OWASP Gives App Security a Fresh Look

Written by

Securing apps has never been easy, and in today’s world of remote work, it has become increasingly difficult. Employees can work from anywhere, and they do, often connecting to corporate resources through unsecured networks using any number of devices, including personal ones that IT does not manage. It’s opened a whole new set of challenges that must be managed and overcome.

To help do it, the Open Web Application Security Project (OWASP) has updated its highly recognized Top 10 List of most critical web application security categories. The 2021 list represents a major revamp that sees:

  • Significant methodology changes that make it more data-driven than before
  • Major ranking changes
  • The introduction of three new categories
  • Scope and name changes for four categories
  • A degree of consolidation to more accurately reflect the changing threat landscape

What do these changes mean for your business’s application security, and how can you leverage the list to keep your applications and data safe? What are these changes, and why are they relevant?

We’re launching a four-part series to help you understand, and we’ll start with an introduction to OWASP.

OWASP is a non-profit foundation that aims to raise awareness about application security. Over the years, it has become the de facto gold standard for app security. Many businesses and vendors turn to them when they need guidance on the most pointed application vulnerabilities, and their listserv as checkpoints are among the first things application security teams consult when protecting their app and API assets.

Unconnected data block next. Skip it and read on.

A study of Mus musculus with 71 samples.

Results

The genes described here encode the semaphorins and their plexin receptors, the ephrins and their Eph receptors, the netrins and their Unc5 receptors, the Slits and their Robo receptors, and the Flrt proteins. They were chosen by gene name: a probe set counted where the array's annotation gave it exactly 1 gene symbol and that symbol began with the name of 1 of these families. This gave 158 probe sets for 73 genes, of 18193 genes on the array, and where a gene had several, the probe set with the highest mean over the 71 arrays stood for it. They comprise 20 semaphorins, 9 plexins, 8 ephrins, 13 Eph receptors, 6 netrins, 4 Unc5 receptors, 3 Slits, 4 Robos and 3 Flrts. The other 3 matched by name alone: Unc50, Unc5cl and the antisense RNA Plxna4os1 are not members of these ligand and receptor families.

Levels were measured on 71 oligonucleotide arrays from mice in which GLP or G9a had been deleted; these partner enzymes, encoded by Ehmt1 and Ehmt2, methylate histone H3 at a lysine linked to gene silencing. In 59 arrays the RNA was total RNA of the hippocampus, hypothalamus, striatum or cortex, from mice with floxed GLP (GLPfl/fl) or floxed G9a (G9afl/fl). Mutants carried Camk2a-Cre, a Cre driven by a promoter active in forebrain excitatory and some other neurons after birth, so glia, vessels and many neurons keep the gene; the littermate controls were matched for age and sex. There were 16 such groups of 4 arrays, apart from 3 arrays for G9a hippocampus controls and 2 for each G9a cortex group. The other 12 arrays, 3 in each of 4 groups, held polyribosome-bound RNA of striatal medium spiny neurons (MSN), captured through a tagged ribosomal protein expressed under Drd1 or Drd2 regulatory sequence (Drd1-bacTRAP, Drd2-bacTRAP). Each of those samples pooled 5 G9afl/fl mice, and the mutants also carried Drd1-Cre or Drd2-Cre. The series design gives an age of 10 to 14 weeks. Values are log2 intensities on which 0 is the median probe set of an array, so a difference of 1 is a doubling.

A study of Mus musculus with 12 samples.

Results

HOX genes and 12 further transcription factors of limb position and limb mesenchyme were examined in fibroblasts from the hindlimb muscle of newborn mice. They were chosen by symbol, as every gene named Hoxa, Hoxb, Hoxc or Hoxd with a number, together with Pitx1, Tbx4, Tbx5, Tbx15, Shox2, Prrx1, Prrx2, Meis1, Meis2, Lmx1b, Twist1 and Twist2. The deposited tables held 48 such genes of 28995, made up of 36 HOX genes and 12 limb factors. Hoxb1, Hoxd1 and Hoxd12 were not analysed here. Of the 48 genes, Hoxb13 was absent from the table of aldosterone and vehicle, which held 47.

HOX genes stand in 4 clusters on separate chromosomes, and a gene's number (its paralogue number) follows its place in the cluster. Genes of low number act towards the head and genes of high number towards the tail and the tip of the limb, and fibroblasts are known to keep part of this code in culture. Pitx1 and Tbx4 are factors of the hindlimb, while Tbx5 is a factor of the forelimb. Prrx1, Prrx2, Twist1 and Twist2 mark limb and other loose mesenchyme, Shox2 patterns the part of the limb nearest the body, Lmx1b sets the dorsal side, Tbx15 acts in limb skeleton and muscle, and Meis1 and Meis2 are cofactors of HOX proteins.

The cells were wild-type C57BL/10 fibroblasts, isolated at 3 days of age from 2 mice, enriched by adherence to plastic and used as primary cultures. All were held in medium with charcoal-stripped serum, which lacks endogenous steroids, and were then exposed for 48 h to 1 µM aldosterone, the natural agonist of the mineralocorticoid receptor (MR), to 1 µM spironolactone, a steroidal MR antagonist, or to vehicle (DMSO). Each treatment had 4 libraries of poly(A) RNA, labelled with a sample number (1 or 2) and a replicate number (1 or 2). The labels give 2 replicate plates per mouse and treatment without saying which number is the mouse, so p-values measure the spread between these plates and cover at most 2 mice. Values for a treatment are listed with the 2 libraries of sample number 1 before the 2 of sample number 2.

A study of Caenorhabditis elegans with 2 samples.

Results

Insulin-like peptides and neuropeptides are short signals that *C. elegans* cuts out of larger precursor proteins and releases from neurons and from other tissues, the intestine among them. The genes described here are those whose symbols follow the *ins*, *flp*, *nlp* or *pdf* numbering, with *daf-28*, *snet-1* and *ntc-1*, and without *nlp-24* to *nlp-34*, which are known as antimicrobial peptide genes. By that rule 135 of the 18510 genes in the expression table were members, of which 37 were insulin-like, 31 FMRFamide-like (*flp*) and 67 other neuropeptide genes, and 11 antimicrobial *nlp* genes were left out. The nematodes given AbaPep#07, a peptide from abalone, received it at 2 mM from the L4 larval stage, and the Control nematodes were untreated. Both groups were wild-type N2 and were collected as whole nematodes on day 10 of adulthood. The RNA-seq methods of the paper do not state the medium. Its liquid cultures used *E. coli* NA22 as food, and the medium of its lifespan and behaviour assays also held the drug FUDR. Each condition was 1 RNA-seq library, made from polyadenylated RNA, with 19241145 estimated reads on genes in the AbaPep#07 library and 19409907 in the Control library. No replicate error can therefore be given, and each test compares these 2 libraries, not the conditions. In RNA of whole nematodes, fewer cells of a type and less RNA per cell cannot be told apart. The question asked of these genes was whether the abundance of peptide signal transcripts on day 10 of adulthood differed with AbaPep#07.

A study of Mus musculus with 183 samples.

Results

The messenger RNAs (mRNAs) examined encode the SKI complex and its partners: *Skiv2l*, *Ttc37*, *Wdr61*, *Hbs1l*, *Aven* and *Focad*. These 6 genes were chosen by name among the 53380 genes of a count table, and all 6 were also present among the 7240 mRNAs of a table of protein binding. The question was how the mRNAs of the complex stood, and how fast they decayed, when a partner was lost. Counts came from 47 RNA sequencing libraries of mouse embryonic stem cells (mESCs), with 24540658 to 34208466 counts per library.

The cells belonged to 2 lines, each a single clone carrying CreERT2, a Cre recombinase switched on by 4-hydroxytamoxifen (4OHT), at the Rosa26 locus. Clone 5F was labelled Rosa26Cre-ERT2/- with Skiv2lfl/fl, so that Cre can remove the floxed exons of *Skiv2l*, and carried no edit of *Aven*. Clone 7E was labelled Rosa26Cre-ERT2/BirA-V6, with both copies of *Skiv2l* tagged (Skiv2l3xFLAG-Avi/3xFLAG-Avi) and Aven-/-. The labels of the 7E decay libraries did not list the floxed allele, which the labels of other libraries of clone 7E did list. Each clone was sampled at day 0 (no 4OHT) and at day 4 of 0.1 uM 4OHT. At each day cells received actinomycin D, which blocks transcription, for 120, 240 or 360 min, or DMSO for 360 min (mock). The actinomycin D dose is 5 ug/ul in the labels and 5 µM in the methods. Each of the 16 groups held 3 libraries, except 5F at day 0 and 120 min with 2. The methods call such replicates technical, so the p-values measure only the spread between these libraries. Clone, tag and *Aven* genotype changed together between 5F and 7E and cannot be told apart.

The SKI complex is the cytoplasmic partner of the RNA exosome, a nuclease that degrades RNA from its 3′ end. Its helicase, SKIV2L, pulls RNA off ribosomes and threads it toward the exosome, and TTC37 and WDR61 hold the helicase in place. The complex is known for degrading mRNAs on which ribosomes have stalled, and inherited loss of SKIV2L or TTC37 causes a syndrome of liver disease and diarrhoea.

New Data-Driven Research Methodology: Community Driven

In the past, OWASP research was primarily based on comments and feedback from security teams on prescriptive lists of vulnerabilities that OWASP supplied in surveys. While there was always scope for open feedback, there tended to be a disproportionate focus on listed items. OWASP thought this skewed the results and, in 2021, asked organizations to provide data on the prevalence of all the vulnerabilities they saw in their tests and used this to create a new, more data-driven list.

Yet, OWASP believes that an entirely data-driven list is like a window to the past, as it only captures known vulnerabilities and could be tested. Therefore, they augmented the results with a community survey that asked experts what they see as weaknesses that the data does not show yet.

The result is a list that renames and rescopes four existing categories to better reflect the root causes of security issues rather than a description of symptoms:

  • A02:2021 - Cryptographic Failures
  • A06:2021 - Vulnerable and Outdated Components
  • A07:2021 - Identification and Authentication Failures
  • A09:2021 - Security logging and monitoring failures

In addition, OWASP added three new categories

  • A04:2021 - Insecure Design
  • A08:2021 - Software and Data Integrity Failures
  • A10:2021 - Server-Side Requests Forgery

This new OWASP top 10 list represents a major revamp over 2017 and possibly the most dramatic since its inception in 2003. The new list will definitely help security teams target the most critical risks to their business and identify the right application delivery and security solutions to mitigate them, including web application firewalls that provide holistic visibility and enable a consistent security posture – even in the most distributed environments. 

In the next article, we will look at the three new categories, why OWASP sees a need to expand application security to the left to keep up with new software development processes and what it all means for you.

Brought to you by

What’s hot on Infosecurity Magazine?